Thirteen apply for slot on Columbia Planning & Zoning Commission

Tuesday, July 7, 2009 | 12:01 a.m. CDT

COLUMBIA — After pushing back the application deadline for a seat on Columbia’s influential Planning and Zoning Commission, the City Council now has 13 applicants to choose from.

In mid-June, the City Council, for a second time, extended the deadline to submit an application for the spot left vacant by former commissioner Vicki Curby. The first extension occurred in late April, after the council decided the two applicants were not qualified.

The council again pushed back the deadline after only two new applications were received. Some council members said that was an unusually low number and that the deadline should be extended to solicit more applicants.

The second-round applicants, Don Stamper and Rusty Strodtman, both are closely connected to the development community, which raised concerns among the council that too many conflicts of interest might arise.

Fourth Ward Councilman Jerry Wade said that he was pleased with the higher number of applicants. He predicted the council would probably narrow them down to four or five for interviews.

“(Extending the deadline) did exactly what we had hoped,” Wade said. “It gave us a good list of applicants and choices.”

Strodtman said in an earlier interview that he thought it was strange that the council didn’t appoint either him or Stamper, and he said he had asked the Columbia Chamber of Commerce to look into the council’s commissioner selection process.

Chamber President Don Laird said the group thinks the council needs some sort of defined procedure or system to fill commission vacancies that takes into account the number of applicants as well as other pertinent criteria. The Chamber’s Community Involvement Committee might submit a recommendation to the council, depending on how the selection process concludes, he said.

“It’s going to make it very interesting to see how (the council) handles this,” Laird said.

The applicants who applied by the deadline, which was noon Monday, are:

  • Jack Clark: A housing consultant for DSC Advisory Services, he has a master’s degree in urban affairs and has worked on housing and development issues since 1969. He is also a member of the Boone County Smart Growth Coalition. DSC is a housing consultant to Community Housing Options, which leases land from the city.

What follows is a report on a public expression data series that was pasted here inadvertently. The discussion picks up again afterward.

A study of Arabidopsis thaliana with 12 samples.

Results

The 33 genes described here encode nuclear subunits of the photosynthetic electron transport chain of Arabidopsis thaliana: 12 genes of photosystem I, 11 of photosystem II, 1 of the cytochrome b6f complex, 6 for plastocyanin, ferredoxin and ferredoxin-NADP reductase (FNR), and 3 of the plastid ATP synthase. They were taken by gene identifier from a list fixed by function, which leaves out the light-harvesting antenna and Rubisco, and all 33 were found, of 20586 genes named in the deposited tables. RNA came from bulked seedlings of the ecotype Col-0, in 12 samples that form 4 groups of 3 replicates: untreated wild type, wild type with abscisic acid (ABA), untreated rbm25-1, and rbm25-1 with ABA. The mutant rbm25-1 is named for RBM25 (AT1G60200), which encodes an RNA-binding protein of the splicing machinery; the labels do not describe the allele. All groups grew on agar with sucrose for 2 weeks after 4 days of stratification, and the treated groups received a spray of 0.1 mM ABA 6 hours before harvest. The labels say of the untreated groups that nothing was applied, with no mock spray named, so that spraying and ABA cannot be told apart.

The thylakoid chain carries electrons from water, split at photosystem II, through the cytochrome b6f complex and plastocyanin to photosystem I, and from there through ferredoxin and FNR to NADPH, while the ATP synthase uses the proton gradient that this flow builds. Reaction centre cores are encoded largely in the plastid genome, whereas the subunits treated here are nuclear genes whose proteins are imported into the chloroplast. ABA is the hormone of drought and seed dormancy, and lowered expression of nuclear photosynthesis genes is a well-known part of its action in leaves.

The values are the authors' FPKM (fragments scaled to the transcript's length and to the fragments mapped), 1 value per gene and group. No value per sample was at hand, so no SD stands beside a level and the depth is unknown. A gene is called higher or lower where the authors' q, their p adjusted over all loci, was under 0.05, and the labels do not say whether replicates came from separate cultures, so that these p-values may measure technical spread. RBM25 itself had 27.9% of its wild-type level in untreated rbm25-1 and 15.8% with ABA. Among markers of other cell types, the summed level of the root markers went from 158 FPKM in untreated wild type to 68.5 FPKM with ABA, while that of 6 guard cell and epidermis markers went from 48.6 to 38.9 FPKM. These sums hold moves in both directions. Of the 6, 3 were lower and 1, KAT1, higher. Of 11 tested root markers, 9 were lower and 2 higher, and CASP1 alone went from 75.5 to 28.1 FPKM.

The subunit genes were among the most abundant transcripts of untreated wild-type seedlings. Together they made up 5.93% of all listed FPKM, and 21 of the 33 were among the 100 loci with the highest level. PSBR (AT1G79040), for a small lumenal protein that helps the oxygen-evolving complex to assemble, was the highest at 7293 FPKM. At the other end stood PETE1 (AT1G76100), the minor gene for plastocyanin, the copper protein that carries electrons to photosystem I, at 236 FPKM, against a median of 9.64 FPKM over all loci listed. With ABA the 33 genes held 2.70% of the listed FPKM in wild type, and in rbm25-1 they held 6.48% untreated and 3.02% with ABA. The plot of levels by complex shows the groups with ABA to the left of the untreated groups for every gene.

• James Downey: A self-employed book conservator, he is president of the Country Club Estates Neighborhood Association.
  • Lee Henson: MU’s coordinator for the Americans with Disabilities Act, he serves on the city’s Disabilities Commission and has a law degree.
  • Martha John: A self-employed architect, she serves on the city’s Board of Adjustment.
  • Mikel Lynch: He is the director of the Office of Corporate Compliance at University Health Care and chaired the science and technology group during the visioning process.
  • Richard Shanker: He serves on the Building Construction Codes Board, the Board of Electrical Examiners, the Board of Plumbing Examiners and the County Construction Board.
  • Sid Sullivan: He ran for Southern District Boone County commissioner in 2008 and participated in visioning. He also is a member of the Smart Growth Coalition.
  • Don Stamper: The former Boone County presiding commissioner for 12 years, he works for Con-Agg of Missouri and is executive director of the Central Missouri Development Council.
  • Rusty Strodtman: He is the senior leasing manager for Jose Lindner’s Forum Development Group.
  • L. Lee Terry: Terry is the Multiple Listing Service administrator for the Columbia Board of Realtors.
  • Matthew Vander Tuig: He is a senior project engineer for Trabue, Hansen & Hinshaw Inc.
  • Robert Wolverton: The president of R. Anthony Development Group, Wolverton also is a board member of the Columbia Chamber of Commerce and the Central Missouri Development Council.
  • Larry Wyatt: A former city firefighter, he has degrees in fire science and education.


<<<Strodtman said in an earlier interview that he thought it was strange that the council didn’t appoint either him or Stamper, and he said he had asked the Columbia Chamber of Commerce to look into the council’s commissioner selection process.<<<<

Boo hoo. The planning and zoning commission serves at the pleasure of the council and they can select people anyway they wish. If you were a hiring someone, wouldn't you want more than 2 applicants? These people would have huge conflict of Interest issues. BTW, don't confuse being a civic minded person with someone that would make a PROFIT from certain zoning issues.